The eighteen holes at Naruo were carved out of the landscape in an age before bulldozers and power shovels. The course was built by the labour of thousands of men. Incorporating the setting’s natural topology, the course has been artistically laid out as an inspiration to everyone who comes to play the course.
But once a player takes club in hand and realizes the demands of the course in terms of strategy and shot selection, a change of attitude takes place that gives rise to a deeper respect for the course. When a course takes a player over knolls and down vales, and challenges one’s full range of skills and experience to read the wind and devise tactics employing every club in the bag, that is when golf takes its richest form and inspires a lifelong appreciation of the game. Etched on the faces of those who have just completed a journey over the 18 turbulent holes is an indescribable sense of satisfaction, sometimes mixed with a rueful desire to replay one or two of the most bittersweet moments.
The course maintenance policy at Naruo is based on preserving the course’s original classic ambience. The course was built by those who deeply loved the game and it has been maintained over the years very close to its original form through the endless passion of the Club’s members and employees.
The way the natural terrain is incorporated into the course layout is reminiscent of classic courses built in the heathland belt of England, sometimes referred to as “mountain links”.
Each of the 18 holes has its own unique character. Especially distinctive of the Naruo course are the four par-3 holes, which generally have an elevated green guarded by deep bunkers, highlighting the natural features of the landscape.
The overall design requires a player to interact with the course to reach the green. The bunkers, designed under the supervision of Charles Hugh Alison, present the final barrier. Once the barriers are finally overcome the golfer is able to stand upon the green. The greens are of the highest quality korai grass, maintaining the “original and classic” principle that is the pride of Naruo.
At one time in Japan, double greens were a major trend in golf course design. The mainstream eventually became a single green using bent grass. Naruo maintained the single-green design using korai grass through the passage of various trends. In order to maintain the course’s original design, no changes were allowed to the shape of the terrain surrounding the greens, and the Club stayed faithful to the use of korai grass, a variety especially well-suited to Japan’s climate.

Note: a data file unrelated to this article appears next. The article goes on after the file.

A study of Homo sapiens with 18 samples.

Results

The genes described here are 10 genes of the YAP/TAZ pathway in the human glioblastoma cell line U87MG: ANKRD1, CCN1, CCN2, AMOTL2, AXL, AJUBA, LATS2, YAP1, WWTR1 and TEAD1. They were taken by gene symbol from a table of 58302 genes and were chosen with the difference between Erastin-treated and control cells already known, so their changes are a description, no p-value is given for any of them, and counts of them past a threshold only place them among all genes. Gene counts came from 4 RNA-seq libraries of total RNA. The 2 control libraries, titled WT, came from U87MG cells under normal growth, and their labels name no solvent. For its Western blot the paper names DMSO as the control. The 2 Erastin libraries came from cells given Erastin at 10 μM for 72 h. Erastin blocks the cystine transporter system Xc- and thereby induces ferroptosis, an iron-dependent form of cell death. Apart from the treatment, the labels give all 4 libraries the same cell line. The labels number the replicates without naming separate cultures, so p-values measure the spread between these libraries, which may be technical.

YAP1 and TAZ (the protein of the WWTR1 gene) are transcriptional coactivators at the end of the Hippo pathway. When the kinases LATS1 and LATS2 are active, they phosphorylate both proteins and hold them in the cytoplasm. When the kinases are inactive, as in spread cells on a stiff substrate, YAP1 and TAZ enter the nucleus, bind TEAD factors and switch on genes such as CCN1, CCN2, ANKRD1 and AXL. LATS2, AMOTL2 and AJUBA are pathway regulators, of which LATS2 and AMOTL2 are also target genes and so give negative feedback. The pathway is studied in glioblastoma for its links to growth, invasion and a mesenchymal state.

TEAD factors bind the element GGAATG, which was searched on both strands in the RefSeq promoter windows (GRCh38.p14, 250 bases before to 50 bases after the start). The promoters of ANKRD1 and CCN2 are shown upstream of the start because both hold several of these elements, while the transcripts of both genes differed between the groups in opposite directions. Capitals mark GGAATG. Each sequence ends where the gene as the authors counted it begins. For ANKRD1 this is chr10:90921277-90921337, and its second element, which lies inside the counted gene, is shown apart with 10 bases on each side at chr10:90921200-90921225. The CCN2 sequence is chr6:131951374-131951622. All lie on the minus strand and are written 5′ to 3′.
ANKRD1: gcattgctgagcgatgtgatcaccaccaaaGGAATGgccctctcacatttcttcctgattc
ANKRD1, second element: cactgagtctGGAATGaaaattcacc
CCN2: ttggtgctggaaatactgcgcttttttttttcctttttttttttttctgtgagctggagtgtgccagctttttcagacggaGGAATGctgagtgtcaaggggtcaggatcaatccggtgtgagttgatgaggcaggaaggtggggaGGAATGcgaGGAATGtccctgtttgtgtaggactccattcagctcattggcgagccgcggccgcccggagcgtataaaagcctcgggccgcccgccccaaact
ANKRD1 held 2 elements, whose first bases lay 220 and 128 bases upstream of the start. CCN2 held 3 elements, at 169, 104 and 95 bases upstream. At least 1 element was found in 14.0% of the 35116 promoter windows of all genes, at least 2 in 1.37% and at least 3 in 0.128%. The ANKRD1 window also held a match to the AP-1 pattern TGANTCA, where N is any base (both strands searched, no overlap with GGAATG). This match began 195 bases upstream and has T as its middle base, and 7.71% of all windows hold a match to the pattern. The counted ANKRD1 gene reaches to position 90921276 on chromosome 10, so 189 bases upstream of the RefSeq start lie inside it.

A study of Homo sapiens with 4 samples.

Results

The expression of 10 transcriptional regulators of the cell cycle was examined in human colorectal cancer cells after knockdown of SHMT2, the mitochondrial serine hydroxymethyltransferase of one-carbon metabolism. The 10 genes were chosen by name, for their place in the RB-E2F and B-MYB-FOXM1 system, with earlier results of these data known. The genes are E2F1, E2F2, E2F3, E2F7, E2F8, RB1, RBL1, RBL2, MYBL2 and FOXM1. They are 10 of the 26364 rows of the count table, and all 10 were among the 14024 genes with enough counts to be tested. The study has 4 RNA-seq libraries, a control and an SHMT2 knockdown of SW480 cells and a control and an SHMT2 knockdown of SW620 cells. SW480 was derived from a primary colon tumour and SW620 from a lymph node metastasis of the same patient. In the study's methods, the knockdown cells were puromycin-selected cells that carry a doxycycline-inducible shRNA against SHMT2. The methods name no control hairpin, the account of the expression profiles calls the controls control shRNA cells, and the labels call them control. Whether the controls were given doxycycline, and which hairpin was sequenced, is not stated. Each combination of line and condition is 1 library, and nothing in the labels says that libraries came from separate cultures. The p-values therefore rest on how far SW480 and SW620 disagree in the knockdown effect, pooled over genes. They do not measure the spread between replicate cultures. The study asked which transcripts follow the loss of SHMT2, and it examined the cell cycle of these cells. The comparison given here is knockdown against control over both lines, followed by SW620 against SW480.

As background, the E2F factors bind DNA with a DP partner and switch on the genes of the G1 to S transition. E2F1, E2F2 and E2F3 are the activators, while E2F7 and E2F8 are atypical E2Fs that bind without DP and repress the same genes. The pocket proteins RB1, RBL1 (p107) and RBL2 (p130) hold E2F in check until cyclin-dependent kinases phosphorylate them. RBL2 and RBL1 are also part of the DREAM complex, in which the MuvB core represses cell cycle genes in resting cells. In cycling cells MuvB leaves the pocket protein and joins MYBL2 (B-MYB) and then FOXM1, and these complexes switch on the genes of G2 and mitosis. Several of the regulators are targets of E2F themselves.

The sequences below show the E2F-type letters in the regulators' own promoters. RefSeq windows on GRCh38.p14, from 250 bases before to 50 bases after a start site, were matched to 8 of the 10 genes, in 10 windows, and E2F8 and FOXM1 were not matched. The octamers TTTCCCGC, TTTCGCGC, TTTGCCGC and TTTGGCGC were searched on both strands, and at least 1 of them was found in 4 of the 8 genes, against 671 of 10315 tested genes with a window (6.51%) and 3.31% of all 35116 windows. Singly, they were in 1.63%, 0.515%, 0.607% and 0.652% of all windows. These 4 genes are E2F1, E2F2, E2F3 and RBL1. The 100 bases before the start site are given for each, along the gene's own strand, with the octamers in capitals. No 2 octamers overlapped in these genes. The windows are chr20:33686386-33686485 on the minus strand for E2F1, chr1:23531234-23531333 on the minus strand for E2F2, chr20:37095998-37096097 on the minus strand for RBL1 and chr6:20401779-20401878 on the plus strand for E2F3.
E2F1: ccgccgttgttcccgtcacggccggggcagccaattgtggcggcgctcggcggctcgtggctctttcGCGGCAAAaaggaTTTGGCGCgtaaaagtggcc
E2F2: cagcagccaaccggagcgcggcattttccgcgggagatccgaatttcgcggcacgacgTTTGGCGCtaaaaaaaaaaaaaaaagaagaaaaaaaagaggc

Greens featuring korai grass, however, have certain characteristics that require a certain degree of accustomization. The blades of korai grass are stiff and can significantly affect how a ball rolls. The turf stands up, slowing putts more than bent grass would. Bent grass stays green all year round, but korai browns out in the winter, giving the greens a completely different character in summer and winter.
To uphold the “original and classic” policy at Naruo, the issue of getting the korai greens to offer a putting quality matching bent grass was intensively studied, and creative methods were devised that now allow the grass to be cut to about the same height as bent grass. Without using a roller, low putt-impact greens were achieved with a summer speed of 10 feet or more on the Stimpmeter.
The korai greens are not friendly to spin, so that balls will not stop easily on the greens and putts will roll differently from season to season. These built-in challenges require players to brush up their skills and eventually lead to a greater enjoyment of the game.
Charles Hugh Alison gave extremely detailed advice on every aspect of the Naruo course, as he was asked to do in 1931. Much of the advice related to the bunkers, and many new bunkers were added upon his recommendation.
Alison bunkers take advantage of the natural deformations of the land and masterfully incorporate vertical height changes that follow natural contours, with sand filled flush to the edge. All of these characteristics make their architecture clearly recognizable. In particular, the bunkers surrounding the greens extend naturally along the line of the green’s undulation, creating a unified look and feel that is typical of the high aesthetics of an Alison design.
Naruo’s bunkers were gradually deepened over the years, and the mossy areas and other natural features add even more tasteful elegance. Because the depth of the bunkers and amount of sand in them varies, each play of the course will be a new experience, adding extra flavour to your rounds and golf game.